Crumb’s loyal yet stark depiction of Genesis echoes the Gnostic dislike for the OT God.
AP Photo/Hammer Museum
Underground comic artist Robert Crumb has recently joined the ranks of the perennial heretics known as the Gnostics. According to an Agence France-Presse report, Crumb admitted he was a Gnostic during a press conference for the international launch of ‘The Book of Genesis Illustrated by R. Crumb’. This announcement, along with his new book, reveals for the first time the theological leanings of an important cult figure. Crumb is best known for his ‘Fritz the Cat’ and ‘American Splendor’ comics.
"The Bible is not the word of God. It’s the words of men," he said at the press conference in Paris. "I take it all as myth from start to finish." This attitude was echoed by the ancient Gnostics, who saw Holy Scripture as a tool of dominance from oppressive religious institutions and embraced mythology as a vehicle for spiritual liberation.
‘The Book of Genesis Illustrated by R. Crumb’ is not the traditional Gnostic criticism or reinterpretation of the first book of the Torah. It is a loyal depiction in a comic-book genre. Yet elements of Gnosticism shine through his artwork because of a grim-toned, stylistically-exaggerated and sharply-accurate portrayal. Crumb reveals the Gnostic view of a tyrannical god, a brutal universe and a questionable cast of characters conventionally accepted as heroes or role models.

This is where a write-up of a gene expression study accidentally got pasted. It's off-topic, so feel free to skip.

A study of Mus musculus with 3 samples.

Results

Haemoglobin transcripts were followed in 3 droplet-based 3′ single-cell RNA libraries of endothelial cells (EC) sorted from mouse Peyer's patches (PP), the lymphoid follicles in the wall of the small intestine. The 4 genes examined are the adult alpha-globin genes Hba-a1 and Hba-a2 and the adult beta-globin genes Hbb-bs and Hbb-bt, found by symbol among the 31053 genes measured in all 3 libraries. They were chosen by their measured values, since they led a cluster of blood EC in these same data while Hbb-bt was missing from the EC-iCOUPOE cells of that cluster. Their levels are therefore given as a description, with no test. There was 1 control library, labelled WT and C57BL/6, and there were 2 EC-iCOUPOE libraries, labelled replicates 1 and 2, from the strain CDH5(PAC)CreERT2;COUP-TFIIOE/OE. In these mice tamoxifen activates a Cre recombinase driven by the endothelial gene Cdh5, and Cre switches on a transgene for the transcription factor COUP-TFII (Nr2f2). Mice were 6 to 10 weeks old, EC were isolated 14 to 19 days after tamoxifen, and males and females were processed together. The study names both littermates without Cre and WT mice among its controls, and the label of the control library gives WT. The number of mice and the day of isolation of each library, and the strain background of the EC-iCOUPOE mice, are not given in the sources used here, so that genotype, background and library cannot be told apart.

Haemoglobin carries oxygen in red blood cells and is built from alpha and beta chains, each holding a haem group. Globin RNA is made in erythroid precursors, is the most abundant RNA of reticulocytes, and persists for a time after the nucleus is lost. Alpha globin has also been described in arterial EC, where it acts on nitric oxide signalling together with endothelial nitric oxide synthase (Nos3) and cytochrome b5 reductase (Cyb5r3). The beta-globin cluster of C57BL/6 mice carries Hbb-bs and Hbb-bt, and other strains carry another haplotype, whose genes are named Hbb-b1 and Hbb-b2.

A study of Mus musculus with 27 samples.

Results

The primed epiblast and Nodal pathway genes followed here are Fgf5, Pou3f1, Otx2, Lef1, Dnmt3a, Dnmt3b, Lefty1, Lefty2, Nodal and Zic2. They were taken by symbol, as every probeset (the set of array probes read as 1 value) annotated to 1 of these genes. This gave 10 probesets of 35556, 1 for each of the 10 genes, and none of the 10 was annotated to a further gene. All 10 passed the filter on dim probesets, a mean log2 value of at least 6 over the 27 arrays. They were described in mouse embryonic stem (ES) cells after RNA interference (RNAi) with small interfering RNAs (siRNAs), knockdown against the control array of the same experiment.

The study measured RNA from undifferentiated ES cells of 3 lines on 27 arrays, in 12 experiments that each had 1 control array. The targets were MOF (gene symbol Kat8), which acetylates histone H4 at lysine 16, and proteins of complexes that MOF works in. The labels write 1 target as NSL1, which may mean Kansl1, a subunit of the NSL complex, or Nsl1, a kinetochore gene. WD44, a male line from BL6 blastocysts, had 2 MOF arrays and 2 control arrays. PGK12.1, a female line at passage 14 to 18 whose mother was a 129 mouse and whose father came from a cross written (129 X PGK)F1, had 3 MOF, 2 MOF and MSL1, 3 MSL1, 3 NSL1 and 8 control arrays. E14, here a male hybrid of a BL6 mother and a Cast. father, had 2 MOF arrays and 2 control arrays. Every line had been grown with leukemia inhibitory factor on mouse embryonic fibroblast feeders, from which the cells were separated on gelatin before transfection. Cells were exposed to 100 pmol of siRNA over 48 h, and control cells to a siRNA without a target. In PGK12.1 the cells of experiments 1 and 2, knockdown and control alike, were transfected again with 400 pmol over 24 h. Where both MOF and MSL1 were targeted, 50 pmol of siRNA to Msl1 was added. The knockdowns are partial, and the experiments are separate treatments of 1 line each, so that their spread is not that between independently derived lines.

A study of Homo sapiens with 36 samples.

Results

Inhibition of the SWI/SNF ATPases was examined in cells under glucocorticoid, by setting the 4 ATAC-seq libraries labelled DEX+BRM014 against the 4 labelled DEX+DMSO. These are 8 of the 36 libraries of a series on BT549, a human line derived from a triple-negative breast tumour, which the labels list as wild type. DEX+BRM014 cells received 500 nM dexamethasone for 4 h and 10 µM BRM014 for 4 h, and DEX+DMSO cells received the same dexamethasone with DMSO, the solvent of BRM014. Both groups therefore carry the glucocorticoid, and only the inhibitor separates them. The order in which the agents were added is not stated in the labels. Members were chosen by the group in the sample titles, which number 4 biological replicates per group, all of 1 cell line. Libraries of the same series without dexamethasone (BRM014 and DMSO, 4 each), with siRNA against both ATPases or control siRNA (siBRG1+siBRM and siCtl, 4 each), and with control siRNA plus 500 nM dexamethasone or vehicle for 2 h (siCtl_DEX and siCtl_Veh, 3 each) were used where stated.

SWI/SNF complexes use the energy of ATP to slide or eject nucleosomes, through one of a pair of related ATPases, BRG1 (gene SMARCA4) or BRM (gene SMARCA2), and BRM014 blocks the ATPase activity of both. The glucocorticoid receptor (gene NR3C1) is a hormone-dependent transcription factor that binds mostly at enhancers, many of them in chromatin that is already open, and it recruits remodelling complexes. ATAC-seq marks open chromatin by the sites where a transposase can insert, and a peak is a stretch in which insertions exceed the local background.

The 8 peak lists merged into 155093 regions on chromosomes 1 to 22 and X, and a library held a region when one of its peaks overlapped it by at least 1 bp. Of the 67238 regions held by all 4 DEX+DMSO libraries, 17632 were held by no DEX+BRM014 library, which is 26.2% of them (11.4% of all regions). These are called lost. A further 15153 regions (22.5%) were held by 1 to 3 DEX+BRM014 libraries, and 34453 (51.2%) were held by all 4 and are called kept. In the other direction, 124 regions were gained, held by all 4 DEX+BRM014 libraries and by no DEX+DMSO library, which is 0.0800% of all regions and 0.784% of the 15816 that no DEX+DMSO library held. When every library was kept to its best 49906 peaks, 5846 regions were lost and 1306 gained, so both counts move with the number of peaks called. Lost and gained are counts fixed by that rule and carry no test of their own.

Crumb has succeeded in the same way many Gnostics have throughout history—making counterculture respectable without compromising unorthodox principles. The Gnostic Valentinus almost became Pope in the Second Century while retaining theological beliefs blasphemous to Roman Christianity. William Blake used visionary Gnostic art and poetry as a slander against Enlightenment Period rationalism. Carl Jung is considered a main founder of Depth Psychology, a once controversial but presently accepted science. Jung based many of his theories on Gnostic ideology. Philip K. Dick’s writings, originally considered pulp science fiction with Gnostic themes thirty years ago, are now published by The Library of America.
It is too soon to gauge the lasting social impact of the self-exposed Gnostic and his adaption of the Book of Genesis. But Crumb already has a long track record of entering and challenging the consciousness of mainstream society. This time he comes as a heretic, with all the risks and rewards associated with it. He is in good company.